Crucial Crowdfunding Guide

Equity Crowdfunding

  • Company shares (equity) are offered to investors from ‘the crowd’
  • Increasingly important financing option for start-ups
  • Approaches to regulation varies from country to country
  • Less strict accounting standards required than for public companies
  • Many countries are looking at new legislative/regulative models

Equity Crowdfunding is the process whereby people (the “crowd”) invest in an early stage unlisted company in exchange for shares in that company. Creators (entrepreneurs, SMEs etc.) offer ownership in their business ventures in the form of shares. Investors buy the shares, and their investment is used to grow the venture. The value of the shares follow the venture’s value – if it does well, so does the investment…

Equity Crowdfunding mechanism enables multiple investors to fund start-up companies and small businesses in return for equity (Shares) in that company. If the business succeeds, then its value, and the value of the equity investment, goes up but the converse is also true.

Equity Crowdfunding displays greatest potential with start-up businesses that are seeking smaller investments to achieve establishment, while follow-on funding (required for subsequent growth) may come from other sources. Equity Crowdfunding also displays good potential as follow-on financing after a successful Reward Crowdfunding campaign, when the company has a strong online presence and fan base.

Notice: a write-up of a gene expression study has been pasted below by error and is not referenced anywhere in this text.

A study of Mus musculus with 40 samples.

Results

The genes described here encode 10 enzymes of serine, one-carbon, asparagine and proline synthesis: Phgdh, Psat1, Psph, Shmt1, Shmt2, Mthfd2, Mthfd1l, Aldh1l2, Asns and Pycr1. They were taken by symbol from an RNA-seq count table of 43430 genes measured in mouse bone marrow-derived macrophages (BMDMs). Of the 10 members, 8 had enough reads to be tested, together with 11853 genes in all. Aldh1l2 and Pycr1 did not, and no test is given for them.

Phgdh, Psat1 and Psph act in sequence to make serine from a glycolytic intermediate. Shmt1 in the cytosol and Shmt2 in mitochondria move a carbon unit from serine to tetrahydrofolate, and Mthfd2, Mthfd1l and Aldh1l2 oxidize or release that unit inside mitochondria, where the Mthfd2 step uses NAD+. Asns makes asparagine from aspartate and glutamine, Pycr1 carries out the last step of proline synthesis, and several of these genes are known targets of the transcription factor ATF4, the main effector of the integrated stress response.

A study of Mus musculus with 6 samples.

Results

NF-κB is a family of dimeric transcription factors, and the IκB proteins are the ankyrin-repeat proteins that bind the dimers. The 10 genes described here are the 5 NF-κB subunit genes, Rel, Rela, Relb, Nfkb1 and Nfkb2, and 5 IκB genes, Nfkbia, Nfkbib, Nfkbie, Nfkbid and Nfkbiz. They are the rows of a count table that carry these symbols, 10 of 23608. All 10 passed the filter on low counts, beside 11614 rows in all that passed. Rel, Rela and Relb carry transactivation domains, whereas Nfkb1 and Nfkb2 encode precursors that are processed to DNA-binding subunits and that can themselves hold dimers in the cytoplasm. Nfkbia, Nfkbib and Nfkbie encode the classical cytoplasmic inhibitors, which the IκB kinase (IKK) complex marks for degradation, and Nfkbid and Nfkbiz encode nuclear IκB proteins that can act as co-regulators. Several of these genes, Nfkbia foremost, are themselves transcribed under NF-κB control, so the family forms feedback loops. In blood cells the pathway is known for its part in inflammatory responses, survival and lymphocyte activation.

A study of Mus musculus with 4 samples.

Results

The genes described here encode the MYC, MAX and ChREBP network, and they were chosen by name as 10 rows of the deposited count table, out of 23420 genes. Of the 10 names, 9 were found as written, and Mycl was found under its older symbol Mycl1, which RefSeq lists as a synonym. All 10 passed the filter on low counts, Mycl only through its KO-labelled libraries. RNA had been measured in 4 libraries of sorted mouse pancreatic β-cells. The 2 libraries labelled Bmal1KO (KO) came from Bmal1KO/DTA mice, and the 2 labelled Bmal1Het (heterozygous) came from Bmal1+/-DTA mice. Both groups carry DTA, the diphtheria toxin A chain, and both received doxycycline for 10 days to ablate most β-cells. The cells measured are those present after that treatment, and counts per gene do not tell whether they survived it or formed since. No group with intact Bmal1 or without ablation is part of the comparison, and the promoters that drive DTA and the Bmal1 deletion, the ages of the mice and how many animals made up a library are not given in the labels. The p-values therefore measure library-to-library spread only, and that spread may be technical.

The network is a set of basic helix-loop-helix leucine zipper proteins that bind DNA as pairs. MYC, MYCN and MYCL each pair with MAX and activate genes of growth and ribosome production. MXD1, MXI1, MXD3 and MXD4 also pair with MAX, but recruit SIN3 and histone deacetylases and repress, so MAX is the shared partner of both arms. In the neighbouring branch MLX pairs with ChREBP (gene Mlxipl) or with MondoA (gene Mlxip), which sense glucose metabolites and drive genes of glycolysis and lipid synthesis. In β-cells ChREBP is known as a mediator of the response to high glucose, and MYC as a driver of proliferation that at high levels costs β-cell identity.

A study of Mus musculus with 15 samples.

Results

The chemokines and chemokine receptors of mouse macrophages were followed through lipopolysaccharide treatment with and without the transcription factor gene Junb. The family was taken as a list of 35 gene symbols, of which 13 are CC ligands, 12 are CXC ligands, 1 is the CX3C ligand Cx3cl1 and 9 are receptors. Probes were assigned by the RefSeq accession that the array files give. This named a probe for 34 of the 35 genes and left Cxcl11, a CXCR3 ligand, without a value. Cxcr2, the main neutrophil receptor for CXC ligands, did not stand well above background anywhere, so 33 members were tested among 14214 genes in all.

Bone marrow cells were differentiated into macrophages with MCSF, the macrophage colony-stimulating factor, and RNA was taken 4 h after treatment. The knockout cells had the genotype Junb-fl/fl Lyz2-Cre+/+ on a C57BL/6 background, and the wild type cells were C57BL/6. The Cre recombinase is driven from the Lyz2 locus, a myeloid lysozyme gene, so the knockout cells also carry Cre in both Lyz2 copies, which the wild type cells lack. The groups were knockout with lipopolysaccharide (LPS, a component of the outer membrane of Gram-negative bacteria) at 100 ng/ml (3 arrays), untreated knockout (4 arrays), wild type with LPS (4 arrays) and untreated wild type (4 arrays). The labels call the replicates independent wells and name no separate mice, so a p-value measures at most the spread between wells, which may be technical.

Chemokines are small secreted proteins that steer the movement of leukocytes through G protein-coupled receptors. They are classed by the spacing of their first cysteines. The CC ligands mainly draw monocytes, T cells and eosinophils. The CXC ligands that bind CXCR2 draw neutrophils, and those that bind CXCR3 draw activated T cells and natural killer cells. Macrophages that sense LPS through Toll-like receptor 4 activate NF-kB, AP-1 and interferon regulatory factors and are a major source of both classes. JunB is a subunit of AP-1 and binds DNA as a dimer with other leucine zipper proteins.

Equity Crowdfunding is also referred to as Crowd investing, investment Crowdfunding, or Crowd equity. Since 2009 this form of alternative finance has become increasingly important for start-ups. In general Crowdfunded businesses do not have to adhere to the strict accounting standards required of public companies.  Because equity Crowdfunding involves investment into a commercial enterprise, it is often subject to securities and financial regulation which offer some protection to investors. However, Crowdfunding regulation is still playing catch-up to the evolving crowding landscape so approaches may vary from country to country, and platform to platform.

The main challenges for a company looking to raise finance through this means will include the following;

  • Attracting quality investors (many Crowdfunding investors may have no experience in making such investments
  • Managing co-investment between multiple investors with different motivations for investing, and ensuring that dealing with many shareholders does not become a burden
  • Platforms also face a number of challenges as Equity Crowdfunding develops and evolves. These challenges will include:
  • How to stimulate the ‘crowd’ and in particular ‘High-Calibre’ investors. Platforms see the right mix of professional investors and risk capital providers, and ‘crowd’ investors
  • How to ensure company valuations are realistic and equitable
  • How to vet businesses and prevent fraud, especially difficult for new start-ups with little or no trading history
  • How to keep up to pace with the evolving regulatory/legislative environment
  • How to cope with cross-border investing.